The National Cyber Security Centre (NCSC) and the National Criminal Agency (NCA) have warned that more online attacks are targeting British businesses than ever before.
According to a new report published by the NCSC: “2017 will be remembered as the year of ransomware attacks and massive data breaches, supply chain threats and, of course, fake news stories.”
It continues: “With attackers able to achieve many of their aims by using techniques that are not particularly advanced, the distinction between nation states and cyber criminals has blurred, making attribution all the more difficult.”
The report notes that both the public and private sector must work together to handle the rise in cyber crime, as firms face a growing threat from ransomware, data breaches, and weaknesses in the supply chain.
It also mentions that there is a growing threat of theft from cloud storage, which according to the NCSC, "too many businesses put their faith in", as only 40% of data stored in the cloud is access secured.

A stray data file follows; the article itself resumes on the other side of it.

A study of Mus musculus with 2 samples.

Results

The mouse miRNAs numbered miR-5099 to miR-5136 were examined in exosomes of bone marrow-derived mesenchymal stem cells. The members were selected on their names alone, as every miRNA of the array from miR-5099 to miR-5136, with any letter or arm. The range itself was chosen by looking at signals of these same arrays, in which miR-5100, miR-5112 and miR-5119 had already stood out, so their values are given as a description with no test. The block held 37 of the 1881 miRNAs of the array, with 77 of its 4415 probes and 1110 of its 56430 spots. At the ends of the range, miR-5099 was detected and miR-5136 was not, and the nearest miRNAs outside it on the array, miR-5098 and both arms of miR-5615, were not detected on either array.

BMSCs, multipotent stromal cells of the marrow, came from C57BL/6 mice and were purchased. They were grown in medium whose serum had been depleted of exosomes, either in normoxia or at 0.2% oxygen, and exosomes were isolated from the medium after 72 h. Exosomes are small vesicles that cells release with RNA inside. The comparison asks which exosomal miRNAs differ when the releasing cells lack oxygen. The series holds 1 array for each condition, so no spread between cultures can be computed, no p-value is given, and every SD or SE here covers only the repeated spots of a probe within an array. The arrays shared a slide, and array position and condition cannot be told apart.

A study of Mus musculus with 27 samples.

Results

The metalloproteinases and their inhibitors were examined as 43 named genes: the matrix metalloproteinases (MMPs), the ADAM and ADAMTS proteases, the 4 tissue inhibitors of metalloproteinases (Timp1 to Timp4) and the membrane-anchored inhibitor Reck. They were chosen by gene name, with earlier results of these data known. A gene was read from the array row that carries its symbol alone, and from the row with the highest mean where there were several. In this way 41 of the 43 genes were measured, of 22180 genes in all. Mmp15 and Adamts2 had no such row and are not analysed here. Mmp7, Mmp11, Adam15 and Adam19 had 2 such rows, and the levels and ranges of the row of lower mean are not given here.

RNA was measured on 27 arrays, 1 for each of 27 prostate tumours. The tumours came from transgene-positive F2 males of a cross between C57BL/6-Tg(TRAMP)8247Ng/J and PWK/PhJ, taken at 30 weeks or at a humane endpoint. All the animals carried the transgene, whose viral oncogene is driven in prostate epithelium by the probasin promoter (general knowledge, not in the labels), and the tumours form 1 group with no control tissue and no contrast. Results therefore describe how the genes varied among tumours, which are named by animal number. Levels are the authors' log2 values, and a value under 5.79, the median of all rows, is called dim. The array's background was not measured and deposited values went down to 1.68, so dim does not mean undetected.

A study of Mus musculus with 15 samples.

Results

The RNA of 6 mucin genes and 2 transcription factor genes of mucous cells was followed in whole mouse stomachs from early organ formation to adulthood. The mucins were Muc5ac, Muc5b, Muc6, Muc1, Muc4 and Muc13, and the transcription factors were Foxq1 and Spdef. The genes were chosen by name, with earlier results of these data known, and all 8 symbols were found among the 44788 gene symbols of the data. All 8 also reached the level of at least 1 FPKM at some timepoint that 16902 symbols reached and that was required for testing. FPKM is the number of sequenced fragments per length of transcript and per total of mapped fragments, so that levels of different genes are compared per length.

Ciaran Martin, head of the NCSC, said: “The last year has seen no deceleration in the tempo and volume of cyber incidents, as attackers devise new ways to harm businesses and citizens around the globe.
He continued: “The NCSC’s aim is to make the UK an unattractive target to cyber criminals and certain nation states by increasing their risk and reducing their return on investment.”
Data released in January shows that no less than 34 significant cyber attacks took place between October 2016 and the end of 2017, while a further 762 arracks were less serious.
The report warns that 2018 will bring more of these attacks.
Donald Toon, director of the NCA’s Prosperity Command, said: “UK business faces a cyber threat which is growing in scale and complexity. Organisations which don’t take cyber security extremely seriously in the next year are risking serious financial and reputational consequences."
He continued: “By increasing collaboration between law enforcement, government and industry we will make sure the UK is a safe place to do business and hostile zone for cyber criminals."
The enforcement of the General Data Protection Regulation (GDPR) in May could, in some circumstances, lead to heavy fines for organisations that do not put security measures in place.